Cultural heritage is a significant force for 21st century Europe. Traditionally, understood in terms of tourism, it improves economic performance and contributes positively to the European GDP. It can be considered an innovative stimulus for growth and employment in a wide range of new sectors as well as traditional ones.
In the current realities of globalization, the migration crisis and the disengagement from democratic structures among the European population that addresses these issues remains a serious concern for the EU and its member states. The partnership behind this project believes that in this current situation, the commitment of cultural heritage combined with digital skills and competences can address these problems and lead to the sustainable growth of Europe, as well as of European culture and values. The management of cultural heritage is seen as a priority by recent European policies. It is considered a great value for European society from a cultural, environmental, social and economic point of view. The Council underlined, in its conclusions of May 21st 2014, that sustainable management of cultural heritage is a strategic choice for the 21st century, as it is considered a “strategic resource for a sustainable Europe”.
After the meeting in Namur, Belgium, in April 2015, the European Ministers concluded that cultural heritage is a key component of the European identity. Its transmission to future generations is a shared responsibility of all the interested parties, because it is “a unique, fragile, non-renewable and non-transferable resource, which contributes to the attraction and development of Europe and, crucially, to the creation of a peaceful, just and supportive society.” This is also reflected in the UN Agenda 2030 on sustainable development, which recognizes global citizenship, cultural diversity and intercultural dialogue as general principles of sustainable development. It recognizes that all cultures and civilizations can contribute, and are fundamental, to sustainable development. Culture is explicitly mentioned in several Sustainable Development Goals of the 2030 Agenda and in particular in Objective 11 (City-Heritage), as well as in Objective 4 (Education) and in Objectives 8 and 12 (sustainable growth/consumption patterns ) in relation to tourism.
All of the above was confirmed once again by the adoption, by the Council, of a general approach on the November 2016 proposal for the creation, in 2018, of a European Year of Cultural Heritage: Celebrating the diversity and richness of the European Heritage. On February 15th 2017, the ambassadors of the Member States approved the provisional agreement reached on February 9th between the Council and the European Parliament, thus confirming the decision for the EYCH2018.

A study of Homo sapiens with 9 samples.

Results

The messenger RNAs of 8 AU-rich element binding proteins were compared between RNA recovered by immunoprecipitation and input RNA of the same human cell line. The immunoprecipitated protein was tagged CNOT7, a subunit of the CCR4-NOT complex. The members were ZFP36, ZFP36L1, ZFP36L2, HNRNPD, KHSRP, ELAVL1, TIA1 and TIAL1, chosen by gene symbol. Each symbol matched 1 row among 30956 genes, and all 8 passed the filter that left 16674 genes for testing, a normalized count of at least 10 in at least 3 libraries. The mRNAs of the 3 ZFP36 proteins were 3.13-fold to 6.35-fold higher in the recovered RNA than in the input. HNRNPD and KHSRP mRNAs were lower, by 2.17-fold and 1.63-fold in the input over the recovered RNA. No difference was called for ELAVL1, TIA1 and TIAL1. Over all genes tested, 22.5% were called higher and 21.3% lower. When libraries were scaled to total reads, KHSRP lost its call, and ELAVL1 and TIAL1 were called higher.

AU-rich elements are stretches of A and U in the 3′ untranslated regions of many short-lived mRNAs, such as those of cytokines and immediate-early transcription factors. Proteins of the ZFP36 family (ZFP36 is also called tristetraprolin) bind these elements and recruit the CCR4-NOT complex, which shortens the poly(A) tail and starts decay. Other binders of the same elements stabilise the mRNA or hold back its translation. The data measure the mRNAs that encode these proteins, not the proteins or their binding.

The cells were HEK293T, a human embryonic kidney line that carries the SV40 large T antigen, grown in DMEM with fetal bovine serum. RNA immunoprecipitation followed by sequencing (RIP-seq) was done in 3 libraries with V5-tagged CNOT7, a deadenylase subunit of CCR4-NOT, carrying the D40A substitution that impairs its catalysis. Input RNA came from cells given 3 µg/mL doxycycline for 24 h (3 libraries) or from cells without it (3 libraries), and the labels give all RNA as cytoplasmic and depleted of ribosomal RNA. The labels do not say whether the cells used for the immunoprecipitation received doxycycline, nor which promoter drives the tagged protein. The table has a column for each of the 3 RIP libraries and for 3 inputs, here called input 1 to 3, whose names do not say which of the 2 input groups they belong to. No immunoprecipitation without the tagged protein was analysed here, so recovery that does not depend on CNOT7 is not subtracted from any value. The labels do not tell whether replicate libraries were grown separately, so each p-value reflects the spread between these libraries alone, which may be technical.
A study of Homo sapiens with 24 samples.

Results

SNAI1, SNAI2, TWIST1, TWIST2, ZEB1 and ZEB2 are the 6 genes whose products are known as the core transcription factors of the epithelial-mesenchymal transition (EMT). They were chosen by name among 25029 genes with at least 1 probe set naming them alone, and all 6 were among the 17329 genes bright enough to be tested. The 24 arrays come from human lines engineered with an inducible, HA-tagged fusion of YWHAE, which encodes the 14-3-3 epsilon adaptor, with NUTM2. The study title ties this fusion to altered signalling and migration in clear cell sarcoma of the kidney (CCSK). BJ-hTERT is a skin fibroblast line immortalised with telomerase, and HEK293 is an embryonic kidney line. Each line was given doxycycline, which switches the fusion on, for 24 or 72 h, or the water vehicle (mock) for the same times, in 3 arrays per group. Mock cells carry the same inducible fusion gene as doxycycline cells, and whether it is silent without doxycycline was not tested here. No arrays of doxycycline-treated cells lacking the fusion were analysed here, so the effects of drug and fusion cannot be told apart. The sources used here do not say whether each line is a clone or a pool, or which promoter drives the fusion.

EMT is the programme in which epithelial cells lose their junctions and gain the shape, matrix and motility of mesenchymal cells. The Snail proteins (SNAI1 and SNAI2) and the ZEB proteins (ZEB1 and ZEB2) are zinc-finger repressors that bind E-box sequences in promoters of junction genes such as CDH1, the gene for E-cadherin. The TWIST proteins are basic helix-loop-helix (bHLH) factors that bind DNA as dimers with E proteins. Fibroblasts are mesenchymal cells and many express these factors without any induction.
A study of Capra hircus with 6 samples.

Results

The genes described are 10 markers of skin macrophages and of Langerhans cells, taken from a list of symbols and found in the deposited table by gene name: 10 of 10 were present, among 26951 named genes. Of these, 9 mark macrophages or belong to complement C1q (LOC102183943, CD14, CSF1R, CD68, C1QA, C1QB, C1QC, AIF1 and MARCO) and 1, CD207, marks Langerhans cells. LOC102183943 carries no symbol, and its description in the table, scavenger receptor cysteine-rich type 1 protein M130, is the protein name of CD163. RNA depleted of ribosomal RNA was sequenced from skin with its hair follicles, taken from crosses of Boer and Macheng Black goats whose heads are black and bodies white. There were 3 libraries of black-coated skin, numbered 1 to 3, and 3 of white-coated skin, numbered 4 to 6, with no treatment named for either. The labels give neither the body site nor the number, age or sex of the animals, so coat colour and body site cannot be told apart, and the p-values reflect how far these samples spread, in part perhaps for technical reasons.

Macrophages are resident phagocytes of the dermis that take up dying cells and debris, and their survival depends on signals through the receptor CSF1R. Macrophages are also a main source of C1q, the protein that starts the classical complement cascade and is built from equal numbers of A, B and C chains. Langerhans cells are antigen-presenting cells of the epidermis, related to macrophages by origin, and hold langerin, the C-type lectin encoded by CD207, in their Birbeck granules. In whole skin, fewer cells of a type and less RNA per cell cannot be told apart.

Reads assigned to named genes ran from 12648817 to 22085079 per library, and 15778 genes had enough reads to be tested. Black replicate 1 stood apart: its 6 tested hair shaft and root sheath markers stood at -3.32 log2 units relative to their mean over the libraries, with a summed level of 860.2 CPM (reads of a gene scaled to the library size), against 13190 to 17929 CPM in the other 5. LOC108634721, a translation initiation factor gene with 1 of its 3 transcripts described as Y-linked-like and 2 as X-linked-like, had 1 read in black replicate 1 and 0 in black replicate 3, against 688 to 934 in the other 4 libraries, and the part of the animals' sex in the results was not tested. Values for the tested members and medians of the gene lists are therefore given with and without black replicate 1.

In accordance with the latest European policies, we believe that further integration is needed between HEIs across Europe to improve the quality and effectiveness of information technologies for applications in the areas of safeguarding, promotion and protection of Cultural Heritage.
From these premises comes the idea of the Safeguarding Intangible culturaL Values and HERitage – S.I.L.V.HER. project, Which finds its roots in the need to design a new training path that embraces and positively exploits all that comes from digital transformation, a phenomenon that is also strongly encouraged at national level and which increasingly provides for the introduction of ICT tools in all areas. Even the cultural sector and, more specifically, the safeguarding and promotion of cultural heritage, are not exempt from this advent.
The S.I.L.V.HER. project, therefore, proposes to develop a training course related to Cultural Heritage, but which also includes the digital tool, not only as a means of learning, but also and above all as a future means of developing a strategic sector and which will also support a process of recognition of its European identity. Precisely for this reason the need arises to implement this project on a transnational level.
The blended, or mixed, course will be divided into two types of activities: online training and transnational mobility as face-to-face training sessions.
This course will be divided into three modules:
– Management of cultural projects;
– Digital storytelling of intangible cultural heritage;
– Augmented and virtual reality in the cultural sector.
Following the publication of each module in the online platform of the project, which will be developed specifically for the provision of training, there will be a transnational mobility in which students from the three universities that will have developed the training course will participate (Italy, Portugal and Turkey).